Pinellas County Utilities wants to pay residents to install low-flow toilets to save water. The utilities director will run the plan by commissioners May 15.
By MONIQUE FIELDS
© St. Petersburg Times, published May 4, 2001
Pinellas County Utilities wants to start a $13.5-million rebate program that would pay Pinellas residents to switch their water-guzzling toilets for low-flow models.
For their trouble, the county would pay $100 for the first toilet, about $60 for the second and $40 for each additional commode. The goal is to replace 93,000 3.5- to 7-gallon bowls with water friendly 1.6-gallon models.
That would save a bunch of water, the county hopes, as much as 2-million gallons per day.
Unlike other water conservation programs, toilet rebates provide a permanent fix, said Pick Talley, Pinellas County Utilities director.
"Once you put in a toilet with a lower flow, as long as the toilet is in operation, it saves water," he said.
Talley plans to propose the plan to county commissioners May 15. If the plan gets the thumbs up, it could be in place as early as June 1. The county is banking on about $4.2-million from the Southwest Florida Water Management District, also called Swiftmud, for the program and tapping the utilities department's capital improvement fund for the rest.
Swiftmud has contributed to such programs since the mid 90s, including those in St. Petersburg, Tampa and Hillsborough County.
Using low-flow toilets isn't new to Pinellas. The county installed 1,100 of them in six local low-income housing developments in 1999 and determined water use dipped. The county used what it learned to create its 2-million gallons per day water-savings estimate.
The rebate program could chop in half the cost of buying and installing one of the toilets. Residents should investigate the reputation of the toilet manufacturer because some toilets work better than others, Talley said.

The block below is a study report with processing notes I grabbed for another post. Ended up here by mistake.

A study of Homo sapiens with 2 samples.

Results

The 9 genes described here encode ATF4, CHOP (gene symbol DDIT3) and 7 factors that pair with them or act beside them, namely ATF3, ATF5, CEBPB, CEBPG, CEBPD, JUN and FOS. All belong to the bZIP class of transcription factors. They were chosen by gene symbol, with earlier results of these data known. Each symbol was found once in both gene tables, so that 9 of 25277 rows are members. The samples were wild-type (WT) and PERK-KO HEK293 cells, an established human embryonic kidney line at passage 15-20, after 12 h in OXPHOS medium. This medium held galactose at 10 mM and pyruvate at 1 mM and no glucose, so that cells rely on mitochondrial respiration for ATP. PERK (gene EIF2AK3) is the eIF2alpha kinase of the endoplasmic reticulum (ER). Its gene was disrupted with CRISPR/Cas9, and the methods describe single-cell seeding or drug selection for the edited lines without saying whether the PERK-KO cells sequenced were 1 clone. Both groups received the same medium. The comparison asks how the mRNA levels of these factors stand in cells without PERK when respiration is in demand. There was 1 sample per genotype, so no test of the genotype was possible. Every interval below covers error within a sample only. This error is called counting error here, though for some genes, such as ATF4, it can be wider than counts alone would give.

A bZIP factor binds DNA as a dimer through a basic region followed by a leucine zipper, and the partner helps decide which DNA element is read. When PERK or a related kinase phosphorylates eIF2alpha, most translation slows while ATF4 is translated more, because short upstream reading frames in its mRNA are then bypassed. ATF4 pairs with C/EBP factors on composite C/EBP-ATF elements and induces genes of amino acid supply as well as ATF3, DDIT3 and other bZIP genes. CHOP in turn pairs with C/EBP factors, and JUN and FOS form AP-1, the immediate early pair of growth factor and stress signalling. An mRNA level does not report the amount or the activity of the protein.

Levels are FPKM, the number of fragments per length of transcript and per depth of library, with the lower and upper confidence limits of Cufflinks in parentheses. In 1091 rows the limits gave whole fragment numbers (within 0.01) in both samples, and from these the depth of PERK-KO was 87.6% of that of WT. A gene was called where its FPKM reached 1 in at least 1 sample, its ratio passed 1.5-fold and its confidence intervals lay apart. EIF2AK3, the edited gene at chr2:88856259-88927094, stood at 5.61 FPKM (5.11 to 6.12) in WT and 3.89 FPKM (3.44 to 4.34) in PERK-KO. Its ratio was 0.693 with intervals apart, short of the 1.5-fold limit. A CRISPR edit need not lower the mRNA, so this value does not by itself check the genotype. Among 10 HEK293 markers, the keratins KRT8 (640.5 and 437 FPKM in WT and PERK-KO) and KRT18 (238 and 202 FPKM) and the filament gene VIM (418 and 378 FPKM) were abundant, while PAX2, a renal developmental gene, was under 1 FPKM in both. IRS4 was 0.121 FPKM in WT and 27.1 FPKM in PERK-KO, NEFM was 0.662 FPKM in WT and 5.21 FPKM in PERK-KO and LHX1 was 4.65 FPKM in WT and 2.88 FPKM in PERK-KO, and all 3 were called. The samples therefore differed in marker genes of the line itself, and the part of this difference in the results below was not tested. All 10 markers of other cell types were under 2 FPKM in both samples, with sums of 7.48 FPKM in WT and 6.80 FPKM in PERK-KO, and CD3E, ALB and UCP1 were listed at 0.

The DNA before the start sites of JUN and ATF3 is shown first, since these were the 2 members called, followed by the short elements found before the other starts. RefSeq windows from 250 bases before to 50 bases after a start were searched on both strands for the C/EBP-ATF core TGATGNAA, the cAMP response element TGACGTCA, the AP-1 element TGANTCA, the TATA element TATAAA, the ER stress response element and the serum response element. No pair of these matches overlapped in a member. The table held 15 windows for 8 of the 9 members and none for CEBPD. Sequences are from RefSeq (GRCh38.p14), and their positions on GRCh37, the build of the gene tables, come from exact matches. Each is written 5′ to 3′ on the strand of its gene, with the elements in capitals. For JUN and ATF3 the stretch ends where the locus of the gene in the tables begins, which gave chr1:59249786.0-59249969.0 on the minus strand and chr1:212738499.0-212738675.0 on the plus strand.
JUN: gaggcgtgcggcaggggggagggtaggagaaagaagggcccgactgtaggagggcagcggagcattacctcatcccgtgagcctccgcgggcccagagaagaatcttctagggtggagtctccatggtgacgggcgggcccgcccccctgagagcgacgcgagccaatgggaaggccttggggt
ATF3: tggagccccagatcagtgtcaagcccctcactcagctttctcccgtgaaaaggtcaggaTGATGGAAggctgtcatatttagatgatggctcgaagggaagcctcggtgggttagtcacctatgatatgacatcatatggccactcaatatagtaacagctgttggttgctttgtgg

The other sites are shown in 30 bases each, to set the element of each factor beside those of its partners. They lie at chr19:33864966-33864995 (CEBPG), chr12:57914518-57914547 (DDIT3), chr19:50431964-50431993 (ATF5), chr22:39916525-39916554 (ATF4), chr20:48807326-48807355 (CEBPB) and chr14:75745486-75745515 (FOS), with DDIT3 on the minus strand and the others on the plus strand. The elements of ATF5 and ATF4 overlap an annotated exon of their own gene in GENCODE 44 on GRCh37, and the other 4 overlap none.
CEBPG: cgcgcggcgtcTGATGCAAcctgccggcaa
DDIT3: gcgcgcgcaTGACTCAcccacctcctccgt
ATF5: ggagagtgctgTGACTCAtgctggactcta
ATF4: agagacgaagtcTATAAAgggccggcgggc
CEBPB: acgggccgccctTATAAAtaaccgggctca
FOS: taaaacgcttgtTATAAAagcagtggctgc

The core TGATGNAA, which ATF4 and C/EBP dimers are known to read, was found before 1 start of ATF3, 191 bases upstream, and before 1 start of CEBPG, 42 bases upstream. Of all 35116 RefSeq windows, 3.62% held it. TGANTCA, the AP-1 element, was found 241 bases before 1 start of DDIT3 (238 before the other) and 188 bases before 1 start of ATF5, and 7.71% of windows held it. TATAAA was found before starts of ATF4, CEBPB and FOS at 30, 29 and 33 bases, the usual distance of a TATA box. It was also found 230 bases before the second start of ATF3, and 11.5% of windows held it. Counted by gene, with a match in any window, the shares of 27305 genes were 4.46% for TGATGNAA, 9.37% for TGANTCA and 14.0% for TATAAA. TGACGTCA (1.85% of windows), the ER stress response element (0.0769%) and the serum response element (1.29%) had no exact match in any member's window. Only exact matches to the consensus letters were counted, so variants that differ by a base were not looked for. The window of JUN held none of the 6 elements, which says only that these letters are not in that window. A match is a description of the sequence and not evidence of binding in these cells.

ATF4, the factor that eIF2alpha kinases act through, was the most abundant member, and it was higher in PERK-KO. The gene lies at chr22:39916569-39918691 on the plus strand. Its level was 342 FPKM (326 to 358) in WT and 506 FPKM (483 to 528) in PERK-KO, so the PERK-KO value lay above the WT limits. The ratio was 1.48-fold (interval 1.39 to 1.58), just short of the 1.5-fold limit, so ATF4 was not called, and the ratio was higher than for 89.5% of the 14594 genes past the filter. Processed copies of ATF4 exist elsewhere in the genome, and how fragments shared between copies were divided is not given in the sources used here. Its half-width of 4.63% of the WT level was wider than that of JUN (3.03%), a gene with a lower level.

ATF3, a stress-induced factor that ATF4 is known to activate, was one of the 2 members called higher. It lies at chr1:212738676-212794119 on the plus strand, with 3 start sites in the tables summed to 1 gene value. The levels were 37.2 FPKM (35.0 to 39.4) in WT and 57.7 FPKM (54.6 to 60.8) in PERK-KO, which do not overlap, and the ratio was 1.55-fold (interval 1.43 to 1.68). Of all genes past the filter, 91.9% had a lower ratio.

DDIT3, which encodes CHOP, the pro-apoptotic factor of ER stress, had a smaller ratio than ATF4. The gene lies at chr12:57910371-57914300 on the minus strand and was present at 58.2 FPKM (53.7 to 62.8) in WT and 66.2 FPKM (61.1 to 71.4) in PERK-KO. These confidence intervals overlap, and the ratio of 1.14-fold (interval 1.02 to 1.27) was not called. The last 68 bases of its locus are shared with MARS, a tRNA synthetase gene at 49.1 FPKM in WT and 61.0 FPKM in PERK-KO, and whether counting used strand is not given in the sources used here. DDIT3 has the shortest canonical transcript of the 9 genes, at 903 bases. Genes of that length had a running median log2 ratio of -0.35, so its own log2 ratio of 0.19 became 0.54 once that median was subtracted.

With shallow wells, reclaimed water and toilet rebates in place, the county stands to see a 15 percent reduction in water use during the next five years, he said.
For that reason alone, some commissioners support the idea.
"It's a good way to reduce water use," said Commissioner Ken Welch. As for the cost, he said, "We're going to pay a higher price if we don't get water use down."
Commissioner Susan Latvala concurred.
Pinellas and other water utilities have been charged with finding alternative sources of water, which is an expensive proposition. So the county needs to focus on long-term solutions for water reduction.
"We want to do everything we can to encourage citizens to do everything they can to reduce the water they use," she said.
Smaller toilets can reduce water consumption by 25 to 35 gallons a day per a toilet, Swiftmud reports.
"Any time we can make reductions like that," she said, "they are well worth the price tag."
But Commissioner John Morroni was a bit more cautious.
"I'm supportive of any type of conservation issue; but before I commit to a $13.5-million program, I want to see what we're going to be getting for $13.5-million."